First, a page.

Weekly News Summary: Jan. 9, 2010 – Jan. 15, 2010
January 15, 2010 By admin
TOP STORY: HAITI DEVASTATED BY MASSIVE EARTHQUAKE
Haiti suffered a devastating earthquake in the afternoon on Jan. 12, measuring 7.0 on the Richter scale and followed by more than 30 aftershocks. The precise magnitude of the damage to the hemisphere’s most impoverished nation remains unclear, but many believe that the death toll will reach into the tens of thousands.
Numerous governments worldwide, including that of the United States, have pledged to assist Haiti, but relief workers face continuing logistical problems, with the main airport at Port-au-Prince overwhelmed and the country’s phone and internet signals compromised.
The New York Times, along with many other world publications, are providing round-the-clock coverage of the disaster. The editors of the Latin America News Dispatch would like to call our readers’ attention to the New York Times’ section on “How To Help,” which we have displayed below.
How to Help
Cell phone users can text “Haiti” to the number 90999 and donate $10 to the Red Cross. The amount will be added to the donor’s cellphone bill. Other organizations have set up similar systems. Text “YELE” to 501501 to donate $5 to Yele Haiti.
Medical organizations based in Haiti before the quake are struggling to cope with its aftermath. Doctors Without Borders reports it has treated more than 1,000 people on the ground and has appealed for support. Partners in Health, a major non-governmental health care provider in Haiti, operates clinics in Port-au-Prince and is also soliciting donations.
The Times’ Lede blog has posted a list of various charity organizations that plan to provide relief.
Bolivian President Evo Morales enjoyed James Cameron’s film “Avatar,” which Morales applauded for its “profound show of resistance to capitalism and the struggle for the defense of nature.” Bolivian state news group Agencia Boliviana de Información (whose news stories are not indexed with permalinks, and therefore not linkable) broke the story, which was picked up by the Associated Press.
Chile signed an agreement on Jan. 11 that will make it the first South American country to join the Organization of Economic Cooperation and Development (OECD), according to a press release from the OECD.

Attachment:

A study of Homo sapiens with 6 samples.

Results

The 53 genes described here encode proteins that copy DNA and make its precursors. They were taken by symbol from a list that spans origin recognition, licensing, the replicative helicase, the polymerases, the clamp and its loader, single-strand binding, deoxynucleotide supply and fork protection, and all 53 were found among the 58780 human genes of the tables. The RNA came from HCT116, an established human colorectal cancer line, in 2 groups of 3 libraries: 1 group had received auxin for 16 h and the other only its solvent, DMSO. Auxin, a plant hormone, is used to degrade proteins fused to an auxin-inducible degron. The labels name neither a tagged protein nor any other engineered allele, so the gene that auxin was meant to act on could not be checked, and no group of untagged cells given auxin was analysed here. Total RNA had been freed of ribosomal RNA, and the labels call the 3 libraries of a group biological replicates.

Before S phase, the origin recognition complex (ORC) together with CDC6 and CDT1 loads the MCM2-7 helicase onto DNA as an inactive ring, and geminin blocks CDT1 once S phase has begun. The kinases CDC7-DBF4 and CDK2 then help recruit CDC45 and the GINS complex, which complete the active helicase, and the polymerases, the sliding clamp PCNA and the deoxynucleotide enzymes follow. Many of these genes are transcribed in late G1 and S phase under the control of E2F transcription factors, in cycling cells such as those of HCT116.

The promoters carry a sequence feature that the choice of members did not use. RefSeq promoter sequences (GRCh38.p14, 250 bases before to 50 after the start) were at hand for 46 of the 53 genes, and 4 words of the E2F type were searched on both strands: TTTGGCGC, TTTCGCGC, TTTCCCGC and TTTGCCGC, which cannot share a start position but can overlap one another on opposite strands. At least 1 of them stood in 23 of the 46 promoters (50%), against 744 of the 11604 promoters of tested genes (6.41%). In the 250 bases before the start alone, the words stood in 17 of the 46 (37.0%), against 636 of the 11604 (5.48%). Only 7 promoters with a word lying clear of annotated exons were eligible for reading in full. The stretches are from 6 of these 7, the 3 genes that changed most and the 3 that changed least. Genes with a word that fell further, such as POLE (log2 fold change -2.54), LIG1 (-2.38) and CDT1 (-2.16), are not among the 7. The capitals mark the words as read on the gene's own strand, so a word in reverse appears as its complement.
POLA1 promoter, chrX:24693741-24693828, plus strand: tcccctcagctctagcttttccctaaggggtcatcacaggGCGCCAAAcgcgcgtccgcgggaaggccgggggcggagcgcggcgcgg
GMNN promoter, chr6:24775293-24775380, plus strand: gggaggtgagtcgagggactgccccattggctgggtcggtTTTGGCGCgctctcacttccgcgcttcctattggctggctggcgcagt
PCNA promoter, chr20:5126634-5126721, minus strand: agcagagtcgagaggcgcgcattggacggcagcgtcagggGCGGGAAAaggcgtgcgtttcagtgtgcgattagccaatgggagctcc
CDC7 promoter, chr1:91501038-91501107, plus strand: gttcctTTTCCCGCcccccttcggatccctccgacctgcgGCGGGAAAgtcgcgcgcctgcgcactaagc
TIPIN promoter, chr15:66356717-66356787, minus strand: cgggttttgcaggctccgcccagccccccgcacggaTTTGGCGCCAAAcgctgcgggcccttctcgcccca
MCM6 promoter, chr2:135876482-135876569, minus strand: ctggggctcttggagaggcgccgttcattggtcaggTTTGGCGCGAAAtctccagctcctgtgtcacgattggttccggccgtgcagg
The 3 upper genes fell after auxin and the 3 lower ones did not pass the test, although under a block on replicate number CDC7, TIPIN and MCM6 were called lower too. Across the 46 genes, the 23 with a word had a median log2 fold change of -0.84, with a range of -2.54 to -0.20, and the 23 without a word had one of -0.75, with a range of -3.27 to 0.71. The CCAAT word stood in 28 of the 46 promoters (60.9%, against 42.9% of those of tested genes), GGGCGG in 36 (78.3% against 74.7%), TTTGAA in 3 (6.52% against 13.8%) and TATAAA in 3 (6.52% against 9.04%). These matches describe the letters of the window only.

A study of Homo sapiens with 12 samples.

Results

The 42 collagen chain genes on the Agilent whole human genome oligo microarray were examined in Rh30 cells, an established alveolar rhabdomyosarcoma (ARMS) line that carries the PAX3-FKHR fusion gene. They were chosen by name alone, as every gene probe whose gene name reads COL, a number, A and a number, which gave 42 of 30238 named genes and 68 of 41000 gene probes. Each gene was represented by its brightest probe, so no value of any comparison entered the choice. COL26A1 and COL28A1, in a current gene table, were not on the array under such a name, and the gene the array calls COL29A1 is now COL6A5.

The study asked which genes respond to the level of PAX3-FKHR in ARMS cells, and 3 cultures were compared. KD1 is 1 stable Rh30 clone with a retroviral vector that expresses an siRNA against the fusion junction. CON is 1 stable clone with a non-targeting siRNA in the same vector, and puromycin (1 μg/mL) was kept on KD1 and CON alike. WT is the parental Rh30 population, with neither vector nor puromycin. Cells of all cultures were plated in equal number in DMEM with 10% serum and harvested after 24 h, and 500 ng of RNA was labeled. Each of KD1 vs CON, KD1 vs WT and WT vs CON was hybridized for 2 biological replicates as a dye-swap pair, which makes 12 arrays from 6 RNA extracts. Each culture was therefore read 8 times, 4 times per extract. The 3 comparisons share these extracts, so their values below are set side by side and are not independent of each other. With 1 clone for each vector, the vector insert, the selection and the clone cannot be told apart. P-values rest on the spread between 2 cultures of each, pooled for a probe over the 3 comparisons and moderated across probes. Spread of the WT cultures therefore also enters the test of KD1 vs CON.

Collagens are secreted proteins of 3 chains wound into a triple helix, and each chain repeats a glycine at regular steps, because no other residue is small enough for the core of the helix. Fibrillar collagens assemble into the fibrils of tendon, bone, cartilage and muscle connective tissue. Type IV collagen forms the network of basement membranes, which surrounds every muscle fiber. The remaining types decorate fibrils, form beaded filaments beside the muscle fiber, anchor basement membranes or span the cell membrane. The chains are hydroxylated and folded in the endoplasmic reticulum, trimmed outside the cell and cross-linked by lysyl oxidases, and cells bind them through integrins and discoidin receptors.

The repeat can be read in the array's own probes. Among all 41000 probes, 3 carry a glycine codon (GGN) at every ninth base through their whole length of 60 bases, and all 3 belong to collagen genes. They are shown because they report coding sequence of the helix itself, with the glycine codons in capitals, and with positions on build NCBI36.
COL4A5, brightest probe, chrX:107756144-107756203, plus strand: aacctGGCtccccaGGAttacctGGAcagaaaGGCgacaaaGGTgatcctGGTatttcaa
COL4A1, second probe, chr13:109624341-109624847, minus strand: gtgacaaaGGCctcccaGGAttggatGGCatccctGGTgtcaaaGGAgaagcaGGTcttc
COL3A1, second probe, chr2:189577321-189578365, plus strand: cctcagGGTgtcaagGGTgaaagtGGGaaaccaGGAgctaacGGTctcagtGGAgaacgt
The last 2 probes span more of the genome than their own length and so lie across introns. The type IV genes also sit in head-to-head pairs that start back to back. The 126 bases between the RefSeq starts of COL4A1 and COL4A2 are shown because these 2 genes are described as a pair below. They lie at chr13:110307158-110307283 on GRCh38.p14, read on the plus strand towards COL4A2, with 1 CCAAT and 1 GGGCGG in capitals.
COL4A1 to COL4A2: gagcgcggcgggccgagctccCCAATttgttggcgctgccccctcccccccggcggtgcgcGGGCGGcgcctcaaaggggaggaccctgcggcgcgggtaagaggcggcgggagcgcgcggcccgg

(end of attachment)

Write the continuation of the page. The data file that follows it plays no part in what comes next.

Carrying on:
The OECD is a forum composed of some of the world’s most developed countries, united by their commitment to market economics and representative democracy. Chile’s acceptance provides another indication that it is rapidly becoming the first Latin American country to gain wide, international recognition as a developed country.
Chile’s Congress must ratify the agreement for it to take effect.
Colombia extradited the alleged mastermind of the country’s most notorious pyramid scheme, DMG, to the United States this week, according to the New York Times.
William Suárez left Colombia on Thursday morning for the United States, where he is wanted in a New York court on charges of money laundering.
A United Nations investigation recently cleared Guatemalan president Alvaro Colom in involvement in the death of Rodrigo Rosenberg, the BBC reports.
Rosenberg, a prominent lawyer in Guatemala who was murdered last May, had warned in a video that he would be murdered on Colom’s orders. However, the U.N. now states that Rosenberg ordered his own assassination.
High level military officers have been ordered by the Supreme Court to appear on Jan. 21 to face charges of abuse of power in connection with the ouster of President Manuel Zelaya last summer, reports the BBC.
Mexican authorites captured a top drug lord Tuesday in the port city of La Paz, according to the Los Angeles Times.
Teodoro García Simental, better known as “El Teo,” who was allegedly responsible for mutiple massacres and beheadings in and around Tijuana was taken quietly into custody by Mexican fedreal police.
The Dutch corporation Heineken bought FEMSA, Mexcico’s second-largest beer company and producer of the popular brands Dos Equis, Sol and Tecate. Heineken paid for the deal with $5.2 billion in stock and assumed FEMSA’s debt of over $2 billion, according to Business Week, who speculated that U.S. Anheuser Busch InBev is looking to purchase Mexican brewer Grupo Modelo.
Diego Zavala, brother of kidnapped Paraguayan rancher Fidel Zavala, donated 30 head of cattle to impoverished people in local indigenous communities in Northern Paraguay on Jan. 12 as part of a ransom demanded by the leftist rebel group known as the Paraguayan People’s Army (Ejército del Pueblo Paraguayo, EPP), according to reports from the Associated Press and the Folha de São Paulo.
The EPP, who kidnapped Zavala’s brother last October, also demands $5 million his return.
The Paraguayan government says the EPP has received training from the FARC, a Colombian guerrilla group, according to the Folha de São Paulo.